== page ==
This will be a three-part blog, intended to help you manage your business in the absence of a bank account.  Here’s what you know (or need to know):

The IRS is targeting the marijuana industry, auditing these businesses as much as eight times as often as other businesses.

The IRS is a stickler for documentation.  They want support for every transaction you report on your tax return.

In most instances, the IRS looks to the company bank account to see transactions going in and out.

You don’t have a bank account.

This is the situation for most all cannabis businesses.  They know the IRS will be looking for documentation but they don’t have a bank account so the IRS can’t look at the bank statements to see business transactions.  So what do you do?  The answer is you take extra steps to assure that all of your transactions are documented, even when they occur in cash.

Let’s start with cash receipts.  If you are a dispensary, this is relatively easy, because you have a point of sale system that will tell you how much cash you should have at the end of each day.  Many of the POS systems will also track the amount of cash in each till and how much should be in the cash safe (assuming proper setup).  Dispensaries should run their end of day reports, which will indicate how much excess cash should be in each till.  You should leave a standard starting balance in each till ($200 for example) and count the cash over that amount.  The total of your count should match the total cash sales on the end of day report.  Assuming that reconciles, within the software you can indicate that you are moving the cash counted from the till that matches the report, into the cash safe.  If it doesn’t reconcile, you need to do further research to determine why the cash doesn’t matchup.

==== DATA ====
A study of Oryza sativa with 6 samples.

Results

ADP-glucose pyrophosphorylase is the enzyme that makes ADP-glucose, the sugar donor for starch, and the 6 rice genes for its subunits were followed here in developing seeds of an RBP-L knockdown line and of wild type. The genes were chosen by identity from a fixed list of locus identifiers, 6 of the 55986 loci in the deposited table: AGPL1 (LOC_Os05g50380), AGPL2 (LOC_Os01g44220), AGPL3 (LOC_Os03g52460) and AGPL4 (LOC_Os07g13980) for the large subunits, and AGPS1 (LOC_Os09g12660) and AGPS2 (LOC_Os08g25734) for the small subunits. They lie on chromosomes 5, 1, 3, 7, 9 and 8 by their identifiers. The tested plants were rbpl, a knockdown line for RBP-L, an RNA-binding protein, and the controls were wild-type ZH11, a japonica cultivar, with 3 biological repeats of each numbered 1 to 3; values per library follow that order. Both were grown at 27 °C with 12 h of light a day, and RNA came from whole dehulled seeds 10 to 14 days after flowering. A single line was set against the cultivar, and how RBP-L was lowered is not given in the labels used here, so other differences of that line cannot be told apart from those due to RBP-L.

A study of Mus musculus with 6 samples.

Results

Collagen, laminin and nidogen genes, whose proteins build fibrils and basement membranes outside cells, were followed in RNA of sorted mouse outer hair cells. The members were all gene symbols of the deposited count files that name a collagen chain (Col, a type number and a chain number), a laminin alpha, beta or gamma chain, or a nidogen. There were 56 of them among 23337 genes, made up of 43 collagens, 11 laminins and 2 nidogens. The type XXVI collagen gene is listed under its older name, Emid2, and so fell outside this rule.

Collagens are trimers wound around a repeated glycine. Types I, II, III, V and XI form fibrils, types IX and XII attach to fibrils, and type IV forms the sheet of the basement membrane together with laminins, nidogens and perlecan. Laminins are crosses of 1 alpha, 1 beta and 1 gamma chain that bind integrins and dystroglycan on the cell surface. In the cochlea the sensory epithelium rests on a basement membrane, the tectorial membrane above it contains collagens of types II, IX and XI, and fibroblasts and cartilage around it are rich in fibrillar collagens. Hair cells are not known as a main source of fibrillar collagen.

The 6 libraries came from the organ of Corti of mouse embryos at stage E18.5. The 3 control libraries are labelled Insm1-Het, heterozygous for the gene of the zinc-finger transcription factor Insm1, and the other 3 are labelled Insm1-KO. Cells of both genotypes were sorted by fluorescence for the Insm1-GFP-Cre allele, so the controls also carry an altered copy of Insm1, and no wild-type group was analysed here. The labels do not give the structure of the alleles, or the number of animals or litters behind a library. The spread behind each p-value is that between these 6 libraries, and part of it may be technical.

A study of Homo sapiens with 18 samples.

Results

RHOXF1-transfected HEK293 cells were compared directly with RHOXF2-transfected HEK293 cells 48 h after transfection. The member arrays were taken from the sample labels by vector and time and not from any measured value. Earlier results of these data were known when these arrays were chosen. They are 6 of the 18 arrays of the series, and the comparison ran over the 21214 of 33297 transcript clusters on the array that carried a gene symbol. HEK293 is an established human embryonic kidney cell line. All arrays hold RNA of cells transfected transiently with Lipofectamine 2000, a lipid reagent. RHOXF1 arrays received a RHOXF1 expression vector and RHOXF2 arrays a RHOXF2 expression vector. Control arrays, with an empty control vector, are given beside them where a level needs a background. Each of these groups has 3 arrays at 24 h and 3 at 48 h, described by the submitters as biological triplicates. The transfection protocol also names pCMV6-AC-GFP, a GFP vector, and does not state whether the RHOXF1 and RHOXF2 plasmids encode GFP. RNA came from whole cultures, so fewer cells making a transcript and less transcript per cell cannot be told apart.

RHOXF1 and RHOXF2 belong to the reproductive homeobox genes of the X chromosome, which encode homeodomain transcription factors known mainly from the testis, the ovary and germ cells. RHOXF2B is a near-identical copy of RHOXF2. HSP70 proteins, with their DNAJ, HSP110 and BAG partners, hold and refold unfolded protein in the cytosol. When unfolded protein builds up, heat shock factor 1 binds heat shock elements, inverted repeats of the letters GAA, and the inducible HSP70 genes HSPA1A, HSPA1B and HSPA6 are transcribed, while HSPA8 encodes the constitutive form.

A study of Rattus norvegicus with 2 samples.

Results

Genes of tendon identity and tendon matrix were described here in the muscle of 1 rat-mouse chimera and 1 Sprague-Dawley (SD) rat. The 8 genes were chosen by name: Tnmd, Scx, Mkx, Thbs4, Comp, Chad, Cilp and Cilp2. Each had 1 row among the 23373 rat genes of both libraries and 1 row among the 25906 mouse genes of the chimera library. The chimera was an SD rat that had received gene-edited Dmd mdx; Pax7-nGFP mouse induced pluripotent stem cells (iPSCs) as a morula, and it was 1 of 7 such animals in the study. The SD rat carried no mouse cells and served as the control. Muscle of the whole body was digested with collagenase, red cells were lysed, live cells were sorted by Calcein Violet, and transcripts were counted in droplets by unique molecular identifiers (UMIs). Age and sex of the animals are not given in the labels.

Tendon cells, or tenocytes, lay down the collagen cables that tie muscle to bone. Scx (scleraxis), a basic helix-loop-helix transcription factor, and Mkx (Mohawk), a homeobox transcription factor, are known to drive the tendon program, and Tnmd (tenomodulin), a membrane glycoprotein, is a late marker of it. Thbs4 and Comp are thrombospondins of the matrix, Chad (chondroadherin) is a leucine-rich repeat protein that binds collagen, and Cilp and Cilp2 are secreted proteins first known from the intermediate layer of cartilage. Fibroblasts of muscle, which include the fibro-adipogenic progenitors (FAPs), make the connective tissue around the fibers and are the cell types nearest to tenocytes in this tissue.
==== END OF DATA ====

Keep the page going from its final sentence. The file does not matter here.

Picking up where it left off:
For the rest of you, my suggestion is that you create a form that includes the following information (I’ve created this form for you to download below):

  1. Your company name, address, basic contact information
  2. The date of receipt
  3. The customer’s name, address, contact information
  4. Who you are dealing with (your contact person with the customer)
  5. Description of the product sold, (i.e. 454.5 grams Blue Dream, 10 2-pack peanut butter cups)
  6. Sales price of each item
  7. Total amount paid
  8. How it was paid (cash, check, money order)

customer invoice form

Store these completed forms in a file (call it “to be entered”) for entry into your books by your accountant.  Keep the forms in the “to be entered” file until you have reconciled your cash (see Part III) Once you have reconciled your cash and entered these transactions into your books, file the form into a separate file by customer.  The file can be paper or electronic, whatever your preference, as long as you can access it when needed.  Part II of this blog will discuss cash disbursements or rather, cash paid out.  Part III will wrap it up, discussing how to audit and reconcile the cash in your safe.  Riveting stuff right?